Aug 7, 2017

Something is badly wrong with the way we protect ourselves from terrorism

The discovery of an unsuccessful plot to bring down an airliner should raise serious questions about whether our massive national security spending is making us any safer.

Bernard Keane — Politics editor

Bernard Keane

Politics editor

The uncovering of an alleged plot involving the Khayat brothers to bring down an airliner or launch some sort of toxic gas attack in Sydney should prompt a serious rethink about how effective we are at protecting ourselves from terrorism and why we're spending so much money doing so.

If police allegations and leaks from within security agencies are true -- and we have previously seen lurid charges of terror plots levelled against individuals either proven to be wrong or wildly overstated before -- the poison gas attack appears to have been wildly ambitious, but the plan to bomb an Etihad flight, using another of the brothers as an unwitting mule for a bomb, was only a couple of steps from succeeding. 


  1. Saugoof

    I read a great quote the other day, “We all prepare for the catastrophes we want, not the ones we’re going to get”. Preparing for terror attacks is “exciting” and is almost guaranteed to bring votes. On the other hand, preparing for catastrophes like global warming is just boring. Doesn’t matter that this will have a massively bigger impact than terrorism ever could.

  2. Xoanon

    Well said. Sadly both politicians and the media seem addicted to the scariness of terrorists and the excitement of making expensive announcements to “stop” them.

    1. gerald butler

      Did gas mask Malcolm top 10 flaga Tony? Politicians, mostly, are low life spivs with the intellectual honesty of a radish.

  3. James O'Neill

    Bernard, you ask a valid question, but ignore what has been the case for many years. We create the terrorists as proxy fighters (as Brzezinski boasted in The Grand Chessboard – Operation Cyclone) which then sets up a demand for intervention to help “save” the victim country, the process of which then creates more terrorism which requires ever bigger budgets to combat that which we created. It is a perfect circle for those growing rich on the “war on terror”. Australia valiantly does its bit by joining in those foreign interventions, Afghanistan, Iraq and now Syria. You quote Tony Abbott’s alleged justification but fail to mention the significant surrounding history, not the least part of which is that our (and the US) intervention in Syria is illegal under international law.
    So not only do we create the conditions under which terrorism flourishes, we do so on the basis of lies, misinformation and obfuscation by the political leadership. As we seem to have passed into an era where those waging illegal wars are no longer held accountable, don’t expect any change in policy any time soon.

  4. Jen Barron

    Thank you Bernard for so succinctly stating the case for a much needed review. For decades we have been making tough decisions in health on “value for money” and it is about time we also did this for our so called “protection” services!

  5. Judy Hardy-Holden

    Why worry about actual ‘safe from terrorism’ outcomes when all the government really wants (and maybe the Opposition too) is to scare the living daylights out of the proletariat and make sure you get elected next time around? Cynical, self-serving and self-interested just about sums it up.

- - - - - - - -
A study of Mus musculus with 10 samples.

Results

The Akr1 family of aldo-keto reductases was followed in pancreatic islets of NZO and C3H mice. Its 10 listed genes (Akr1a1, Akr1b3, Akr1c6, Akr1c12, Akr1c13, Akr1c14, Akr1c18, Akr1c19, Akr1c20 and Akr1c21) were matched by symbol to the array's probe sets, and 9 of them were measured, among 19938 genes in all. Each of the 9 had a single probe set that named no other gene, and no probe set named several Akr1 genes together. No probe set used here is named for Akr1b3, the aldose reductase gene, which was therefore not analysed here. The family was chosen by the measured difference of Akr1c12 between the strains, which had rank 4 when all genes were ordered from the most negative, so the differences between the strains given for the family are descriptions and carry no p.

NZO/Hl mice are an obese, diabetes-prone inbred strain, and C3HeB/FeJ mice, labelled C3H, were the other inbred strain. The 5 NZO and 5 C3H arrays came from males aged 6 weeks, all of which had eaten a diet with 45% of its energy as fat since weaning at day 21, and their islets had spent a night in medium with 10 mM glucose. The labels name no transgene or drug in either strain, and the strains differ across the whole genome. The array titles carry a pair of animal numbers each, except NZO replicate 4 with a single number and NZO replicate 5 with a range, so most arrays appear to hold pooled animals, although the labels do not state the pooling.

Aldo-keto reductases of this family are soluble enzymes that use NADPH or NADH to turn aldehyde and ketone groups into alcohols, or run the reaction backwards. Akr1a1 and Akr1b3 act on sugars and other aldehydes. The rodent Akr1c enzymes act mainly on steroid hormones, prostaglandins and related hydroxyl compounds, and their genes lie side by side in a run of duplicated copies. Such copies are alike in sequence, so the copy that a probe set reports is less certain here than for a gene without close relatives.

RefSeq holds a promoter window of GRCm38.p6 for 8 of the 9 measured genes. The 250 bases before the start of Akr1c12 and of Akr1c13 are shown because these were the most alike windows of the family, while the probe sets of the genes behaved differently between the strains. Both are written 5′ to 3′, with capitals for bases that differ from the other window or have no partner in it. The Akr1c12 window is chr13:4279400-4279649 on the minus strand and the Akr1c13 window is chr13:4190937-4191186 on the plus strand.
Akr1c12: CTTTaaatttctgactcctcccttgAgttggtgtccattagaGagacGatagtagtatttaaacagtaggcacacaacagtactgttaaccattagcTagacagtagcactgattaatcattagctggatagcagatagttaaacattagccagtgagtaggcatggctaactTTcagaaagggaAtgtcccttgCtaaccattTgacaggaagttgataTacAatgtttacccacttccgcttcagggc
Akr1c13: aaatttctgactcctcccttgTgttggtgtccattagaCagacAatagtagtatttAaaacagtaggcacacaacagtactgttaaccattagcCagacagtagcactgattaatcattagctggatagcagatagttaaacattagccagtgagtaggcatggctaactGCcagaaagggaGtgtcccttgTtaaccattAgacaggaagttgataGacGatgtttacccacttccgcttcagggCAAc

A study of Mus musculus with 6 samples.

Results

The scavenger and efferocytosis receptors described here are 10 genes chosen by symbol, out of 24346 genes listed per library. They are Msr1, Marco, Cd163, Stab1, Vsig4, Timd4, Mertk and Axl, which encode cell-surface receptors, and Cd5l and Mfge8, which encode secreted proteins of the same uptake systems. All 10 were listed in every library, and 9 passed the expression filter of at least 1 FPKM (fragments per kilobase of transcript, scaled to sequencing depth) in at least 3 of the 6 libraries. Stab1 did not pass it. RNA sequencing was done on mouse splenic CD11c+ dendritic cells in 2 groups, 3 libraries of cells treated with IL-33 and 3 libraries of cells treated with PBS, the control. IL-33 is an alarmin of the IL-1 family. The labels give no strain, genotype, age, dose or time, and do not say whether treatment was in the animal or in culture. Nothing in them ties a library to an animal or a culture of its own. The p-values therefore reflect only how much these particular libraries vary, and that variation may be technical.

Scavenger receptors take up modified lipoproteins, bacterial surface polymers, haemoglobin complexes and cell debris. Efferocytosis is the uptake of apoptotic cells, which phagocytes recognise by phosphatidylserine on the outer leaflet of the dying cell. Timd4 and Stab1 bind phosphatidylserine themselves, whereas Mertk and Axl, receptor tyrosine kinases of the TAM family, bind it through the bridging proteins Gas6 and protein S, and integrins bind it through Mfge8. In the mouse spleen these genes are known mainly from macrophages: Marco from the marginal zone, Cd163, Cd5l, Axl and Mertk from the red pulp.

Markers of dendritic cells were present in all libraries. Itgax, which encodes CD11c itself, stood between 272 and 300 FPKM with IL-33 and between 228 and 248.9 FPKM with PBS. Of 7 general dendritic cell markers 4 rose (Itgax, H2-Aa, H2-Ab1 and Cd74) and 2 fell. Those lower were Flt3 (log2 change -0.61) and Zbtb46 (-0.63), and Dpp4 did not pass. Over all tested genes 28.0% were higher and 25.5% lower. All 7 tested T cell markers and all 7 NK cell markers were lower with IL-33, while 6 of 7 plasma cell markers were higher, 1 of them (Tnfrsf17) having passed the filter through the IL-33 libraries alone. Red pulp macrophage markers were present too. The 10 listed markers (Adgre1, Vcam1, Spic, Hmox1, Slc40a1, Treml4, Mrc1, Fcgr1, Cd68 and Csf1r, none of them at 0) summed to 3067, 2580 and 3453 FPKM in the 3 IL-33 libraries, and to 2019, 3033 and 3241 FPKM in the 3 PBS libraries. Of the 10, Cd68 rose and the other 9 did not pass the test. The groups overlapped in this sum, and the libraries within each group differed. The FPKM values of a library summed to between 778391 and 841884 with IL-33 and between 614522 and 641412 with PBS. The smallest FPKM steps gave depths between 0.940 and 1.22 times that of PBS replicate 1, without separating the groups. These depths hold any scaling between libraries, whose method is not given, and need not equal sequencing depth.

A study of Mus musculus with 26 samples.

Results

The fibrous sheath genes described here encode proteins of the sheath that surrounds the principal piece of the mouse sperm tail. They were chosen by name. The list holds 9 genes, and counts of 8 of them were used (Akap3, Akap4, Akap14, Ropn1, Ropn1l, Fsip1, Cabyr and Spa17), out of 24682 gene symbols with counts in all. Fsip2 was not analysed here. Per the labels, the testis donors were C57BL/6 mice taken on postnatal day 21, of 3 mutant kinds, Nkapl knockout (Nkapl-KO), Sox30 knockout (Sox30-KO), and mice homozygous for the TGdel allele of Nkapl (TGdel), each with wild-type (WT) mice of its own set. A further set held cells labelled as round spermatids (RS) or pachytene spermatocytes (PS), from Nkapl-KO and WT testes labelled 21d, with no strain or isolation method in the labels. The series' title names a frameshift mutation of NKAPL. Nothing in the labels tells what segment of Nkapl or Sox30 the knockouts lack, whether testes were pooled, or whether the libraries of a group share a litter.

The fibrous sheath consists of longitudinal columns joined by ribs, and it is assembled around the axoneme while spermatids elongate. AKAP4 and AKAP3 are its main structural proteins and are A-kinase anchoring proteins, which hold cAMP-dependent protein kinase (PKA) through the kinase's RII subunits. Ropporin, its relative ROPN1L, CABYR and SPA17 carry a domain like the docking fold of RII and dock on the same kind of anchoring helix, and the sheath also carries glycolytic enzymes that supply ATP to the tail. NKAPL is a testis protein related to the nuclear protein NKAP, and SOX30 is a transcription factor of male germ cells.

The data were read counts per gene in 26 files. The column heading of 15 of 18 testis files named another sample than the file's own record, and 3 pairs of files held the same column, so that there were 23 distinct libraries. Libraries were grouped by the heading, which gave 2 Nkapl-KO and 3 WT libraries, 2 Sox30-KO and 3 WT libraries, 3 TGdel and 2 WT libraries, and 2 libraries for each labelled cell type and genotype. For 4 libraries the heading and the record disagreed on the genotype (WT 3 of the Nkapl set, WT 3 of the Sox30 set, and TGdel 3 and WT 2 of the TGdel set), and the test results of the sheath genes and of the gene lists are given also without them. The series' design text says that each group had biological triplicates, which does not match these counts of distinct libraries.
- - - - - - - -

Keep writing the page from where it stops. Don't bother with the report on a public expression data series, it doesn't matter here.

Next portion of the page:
6. Marilyn J Shepherd

    Why is it that middle aged men in Australia are so damn stupid. There was no frigging plot, just more hysteria to raise Truffles shocking poll figures and distract from SSM and other stuff.

  7. Chris Days

    We cannot continue to expend large amounts on terrorism if there are not some alleged planned events. Even meat mincers and kitchen gas are sufficient.
    I recall a decade ago a 35 year old chemistry teacher living with his parents described to his students how to make a bomb. His parents’ house was raided and the police found nothing except a terrorism CD. The teacher denied all knowledge of the CD and eventually the charge was dropped. I suppose the only finger prints on the CD were those of the police.

  8. Chris Days

    Some say that the reason for the anti-terrorism legislation is so that the tax authority can examine every person’s emails. But I think this underestimates the determination of governments to know what every citizen thinks.

  9. klewso

    “Tired of smoke and mirrors? Dog and pony shows? …. Have we got a plan for you…..this time!”

  10. Richard Shortt

    An alternative view. If most, or even some, of the planned attacks in Australia had been successful I predict this conversation would be quite different. Security agencies have worked very hard, with counterparts, to prevent this acts of murder from occurring. Yes, politicians have jumped on the ‘securitizing bandwagon’ and yes money is needed to resource constant vigilance. But please, do not accept that because of success there is no threat nor danger. Other countries can show us the folly of that belief. By all means question and ensure spending is appropriate, but do not denigrate the work of our agencies because of their success.

    1. gerald butler

      Oh, c’mon, watch the pollies on the telly putting on their serious faces surrounded by flags or ghouls. Conservatives love nothing more than flags, uniforms, medals and really serious secret meetings. Remember Abbott, in full blown hysteria mode, croaking,” Daesh is out to get each and every one of us?”
      I’m grateful to the police and security agencies for protecting us but I threw Howard’s fridge magnet in the river years ago.

      1. klewso

        Then there’s the “funny(?)” way the media always seem to be there by some fortunate happenstance, when there’s a raid, to capture all that PR on film?